Scientists released what they called the best pictures yet of the frozen surface of Saturn's enormous moon Titan Saturday, but said they were puzzled that the Cassini spacecraft hadn't glimpsed any evidence of liquids.
The latest images of Titan revealed a single set of clouds about the size of Arizona and dark and light shapes across the moon that the imaging team continued to analyze.
The shots of the moon's surface features were taken during Cassini's first pass Friday at a distance of about 200,000 miles.
"It's different from anything we've ever seen before," imaging scientist Elizabeth Turtle said. "We're still trying to understand the surface of Titan."
Scientists believe the moon could have chemical compounds much like those that existed on Earth billions of years ago before life appeared.
"Scientists think it might mirror in microcosm conditions that existed on earth, in earth's atmosphere 4 billion years ago at the dawn of the solar system," said CBS News Space Consultant Bill Harwood. "By studying Titan, they hope to get some insight into how earth itself evolved."
Big enough to be a planet in its own right, Titan has an atmosphere 1 1/2 times as dense as Earth's, containing organic -meaning carbon-based - compounds. Scientists believe there could be hydrocarbon seas or lakes.
Turtle said initial data analysis suggested the moon is the site of some type of geologic activity that could include wind and erosion and development of the lakes or rivers.
Kevin Baines, a member of the visual and infrared spectrometer team, said scientists were disappointed that they hadn't seen evidence of liquids.
"We thought we'd see some flashes, and we haven't seen any. So we're a little perplexed," he said after a news conference at NASA's Jet Propulsion Laboratory in Pasadena.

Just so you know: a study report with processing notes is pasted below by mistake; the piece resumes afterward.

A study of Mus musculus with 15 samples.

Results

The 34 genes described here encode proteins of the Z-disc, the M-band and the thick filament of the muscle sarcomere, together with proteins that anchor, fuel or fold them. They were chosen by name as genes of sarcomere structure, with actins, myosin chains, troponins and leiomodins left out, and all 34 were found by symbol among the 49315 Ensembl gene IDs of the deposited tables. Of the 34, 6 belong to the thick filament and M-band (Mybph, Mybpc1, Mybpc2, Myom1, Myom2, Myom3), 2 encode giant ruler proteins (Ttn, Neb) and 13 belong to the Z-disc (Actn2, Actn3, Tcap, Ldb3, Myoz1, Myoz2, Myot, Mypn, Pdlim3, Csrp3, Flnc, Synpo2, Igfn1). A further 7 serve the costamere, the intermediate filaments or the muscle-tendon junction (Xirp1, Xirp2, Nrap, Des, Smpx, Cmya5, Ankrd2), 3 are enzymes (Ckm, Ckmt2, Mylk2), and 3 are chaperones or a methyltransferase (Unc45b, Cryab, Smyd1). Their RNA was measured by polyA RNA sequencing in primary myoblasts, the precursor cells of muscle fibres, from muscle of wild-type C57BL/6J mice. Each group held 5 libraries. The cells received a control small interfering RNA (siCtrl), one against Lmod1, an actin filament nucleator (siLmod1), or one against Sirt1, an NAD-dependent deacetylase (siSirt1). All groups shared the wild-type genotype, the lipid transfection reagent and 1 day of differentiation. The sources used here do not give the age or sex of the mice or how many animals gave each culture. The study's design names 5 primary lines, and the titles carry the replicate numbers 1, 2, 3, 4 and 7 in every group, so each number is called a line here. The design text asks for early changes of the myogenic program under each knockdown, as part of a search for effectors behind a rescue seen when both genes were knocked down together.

Among the new pictures released were four images of a cluster of clouds near Titan's south pole that are believed to be composed of methane. They were the only brightly distinct spots on otherwise fuzzy images of Titan.
"Someone likened it to a melting ice cream sundae," Turtle said.
There will be many more chances to uncover the face of Titan during Cassini's planned four-year tour. The spacecraft will make 45 more flybys of the moon and then send a probe into its atmosphere in January. The closest flyby comes in October.
The probe, named Huygens, will send pictures back to Cassini as it makes a 2 1/2-hour descent by parachute through the atmosphere.
Titan was Cassini's first encounter since the spacecraft began orbiting Saturn earlier this week.
The $3.3 billion mission, funded by NASA, the European Space Agency and the Italian Space Agency, was launched in 1997. The spacecraft flew 2.2 billion miles on a roundabout route to Saturn.
CBS News Space Consultant William Harwood has covered America's space program full time for nearly 20 years, focusing on space shuttle operations, planetary exploration and astronomy. Based at the Kennedy Space Center in Florida, Harwood provides up-to-the-minute space reports for CBS News and regularly contributes to Spaceflight Now and The Washington Post.